Despite the many digital innovations such as You-Tube, digital photo frames and DVD slide shows, there is still no better way to enjoy and relive wedding memories with family and friends than with a quality photo album. Still images let you hold, savor and relive these special moments in a way that video or even an I-phone slide show cannot.
Today’s “shoot-and-burn” wedding photographer chooses not to take the time nor, in my opinion, do they see the value in offering complete album design services. Many brides have also chosen this route to “save money” and handle their wedding album design and printing themselves. Some of the problems a bride can encounter with this approach is finding sources for professional quality prints and photo albums, finding the time to do all of the work and having the skills to be able to edit and layout an album. Many images from some shoot-and-burn wedding photographers, or friends of the family, have not been properly color balanced and lead to poor quality output.
All of this, however, is what we do; or at least should be doing. As professional photographers you owe it to you images, your bride and yourself to serve them from capture to final presentation. Most brides these days do want a disk of all of their images. I don’t think there is a problem with that but those images and the work we do as photographers has value, so the disk should not just be given away.
So what can you do to compete against these photographers and the brides who think they just want a disk?
Education – Educate your prospects as to the value of what you do and how it benefits them and insures better photos. Do brides really want to edit hundreds if not thousands of images? Do they want to or even know how to retouch and enhance images. Do they know the difference between a consumer grade and professional reprint? Do they have the skills to design a storybook album? Can they do all of this as quickly and efficiently as you can?
Marketing – Brand yourself as the professional you are, someone better than the Craig’s List shoot-and-burn photographers who offers valuable services.
Give Something to Get Something – Sure many of today’s brides want their images, but do not give them away for nothing. Require your brides to get a small album or include a print credit through your studio, pro-lab or online host so that they’ll receive professional quality images as well as their disk.
Streamline Your Workflow – We have found that with an efficient workflow you can actually sell more. A wedding is an emotional event. To take advantage of that emotion, you need to work quickly. We recommend editing your images and pre-designing an album within the first two weeks following your client’s wedding. Meet and show them their album layout. Make this the first time they see their images so that they emotional impact is high. Make any changes and updates at that meeting. Place the album order and then release the images online. Make a selection of images available via slide show, your blog and/or Facebook to create buzz. Deliver the finished wedding album within three months of their wedding. You’ll get your money, the couple will be excited and you’ll get more referrals. Could the same happen six months or a year after their wedding when the excitement has faded?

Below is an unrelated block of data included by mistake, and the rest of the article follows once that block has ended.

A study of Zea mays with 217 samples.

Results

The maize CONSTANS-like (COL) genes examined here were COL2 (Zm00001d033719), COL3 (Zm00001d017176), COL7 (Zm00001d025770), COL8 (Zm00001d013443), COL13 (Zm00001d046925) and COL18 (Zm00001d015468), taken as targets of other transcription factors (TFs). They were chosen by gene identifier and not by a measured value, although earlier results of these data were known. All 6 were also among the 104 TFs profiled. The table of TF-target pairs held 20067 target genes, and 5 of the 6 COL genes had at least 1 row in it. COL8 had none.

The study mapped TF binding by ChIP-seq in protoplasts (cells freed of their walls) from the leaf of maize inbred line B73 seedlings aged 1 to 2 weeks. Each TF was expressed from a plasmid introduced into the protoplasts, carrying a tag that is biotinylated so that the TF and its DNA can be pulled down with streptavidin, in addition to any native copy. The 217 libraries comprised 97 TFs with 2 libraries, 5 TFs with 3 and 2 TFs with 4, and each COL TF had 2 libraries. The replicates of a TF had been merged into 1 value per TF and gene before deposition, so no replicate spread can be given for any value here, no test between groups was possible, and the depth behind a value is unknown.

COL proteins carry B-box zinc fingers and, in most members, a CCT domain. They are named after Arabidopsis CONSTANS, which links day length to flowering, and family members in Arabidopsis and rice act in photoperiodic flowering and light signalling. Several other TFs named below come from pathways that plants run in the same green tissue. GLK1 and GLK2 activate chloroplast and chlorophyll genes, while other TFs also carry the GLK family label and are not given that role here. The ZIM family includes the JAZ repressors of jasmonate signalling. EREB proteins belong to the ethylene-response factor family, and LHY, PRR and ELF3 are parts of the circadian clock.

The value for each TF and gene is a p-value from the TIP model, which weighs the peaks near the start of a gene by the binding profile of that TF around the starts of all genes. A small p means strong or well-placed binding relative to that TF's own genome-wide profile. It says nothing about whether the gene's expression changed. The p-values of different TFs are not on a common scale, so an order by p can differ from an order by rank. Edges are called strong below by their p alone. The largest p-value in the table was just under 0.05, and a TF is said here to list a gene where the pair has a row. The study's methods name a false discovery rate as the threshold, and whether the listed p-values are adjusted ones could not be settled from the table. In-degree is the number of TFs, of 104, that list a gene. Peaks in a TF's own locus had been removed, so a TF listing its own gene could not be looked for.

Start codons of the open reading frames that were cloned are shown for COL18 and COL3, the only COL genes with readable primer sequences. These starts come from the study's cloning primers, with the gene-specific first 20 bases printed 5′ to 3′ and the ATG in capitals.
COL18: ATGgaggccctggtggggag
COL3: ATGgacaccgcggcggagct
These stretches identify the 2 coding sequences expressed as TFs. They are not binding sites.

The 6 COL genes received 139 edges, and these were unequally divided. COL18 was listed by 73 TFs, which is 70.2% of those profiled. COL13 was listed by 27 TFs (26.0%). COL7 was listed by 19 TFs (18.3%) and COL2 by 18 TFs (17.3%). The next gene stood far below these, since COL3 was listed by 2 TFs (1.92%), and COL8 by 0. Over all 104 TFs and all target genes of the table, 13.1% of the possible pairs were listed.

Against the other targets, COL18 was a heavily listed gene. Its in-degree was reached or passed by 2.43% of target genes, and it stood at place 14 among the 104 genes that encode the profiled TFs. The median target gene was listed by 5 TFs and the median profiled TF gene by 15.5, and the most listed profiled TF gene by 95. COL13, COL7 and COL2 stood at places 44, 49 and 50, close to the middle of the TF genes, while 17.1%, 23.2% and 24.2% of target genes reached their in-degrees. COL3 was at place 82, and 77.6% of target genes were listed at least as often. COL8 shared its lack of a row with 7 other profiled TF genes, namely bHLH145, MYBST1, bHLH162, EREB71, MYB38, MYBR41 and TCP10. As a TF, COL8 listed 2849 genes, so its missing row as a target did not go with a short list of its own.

Profitable Packaging – Whether you are offering a large package with all of the bells and whistles or a simple package with a few hours or coverage, a highlights album and disk; know your costs and price yourself to be profitable. How else will you stay in business?
Don’t Be Afraid to Say No – Sometimes you just have to say no. First, do all you can to show the value of what you do. But if the prospect can’t see your value and insists that you match the lowest price in the market, say no and find another client.
The following was written by Robert H. Hughes, Master Photographer., MEI., CR., ASP., PPA Certified.
“A THOUGHT ABOUT THE “SHOOT AND BURNERS
There is a group of wannabe “Professional” Photographers who compete solely on price. This group will offer to “Shoot pictures and burn them to a disc.”
The real truth is that they usually do not want any further contact with the client. In most cases they neither have the knowledge, talent or experience to formulate legitimate business strategies or process images to get professional quality prints. This quote from Martha Blanchfield in her Studio Photography Magazine article, about Claudia Kronenberg, a wedding photographer in Nantucket, who sums up the “Shoot and Burn” philosophy. “Having your wedding photographed and just receiving a disk of images is what I would equate to receiving the fabric of the wedding dress without the designer to stitch it together,” says Kronenberg. “It’s what we do with the fabric, or photographs, that make the difference.”
The “Shoot and Burners” do not really care about delivering a professionally finished product as indicated by their philosophy which is shoot and burn. All they want is to be relieved of the responsibility of having to do the hard work which comes after quality images are created. The “Shoot and Burn” strategy does not save money! It catapults the consumer (Bride) into a world of which they have little knowledge. By the time the client experiences what is really involved in finishing the job, the “Shoot and Burner” is long gone with the client’s hard-earned money. “Shoot and burn,” is nothing more than getting quick money from an unsuspecting client.”
We at Zookbinders are here to help you – the true professional photographer. When you succeed, we succeed. If you have any questions or would like help tackling this part of the market, please let me know. You can reach me, Scott Patrick, at 800-810-5745 ext 275 or email@example.com.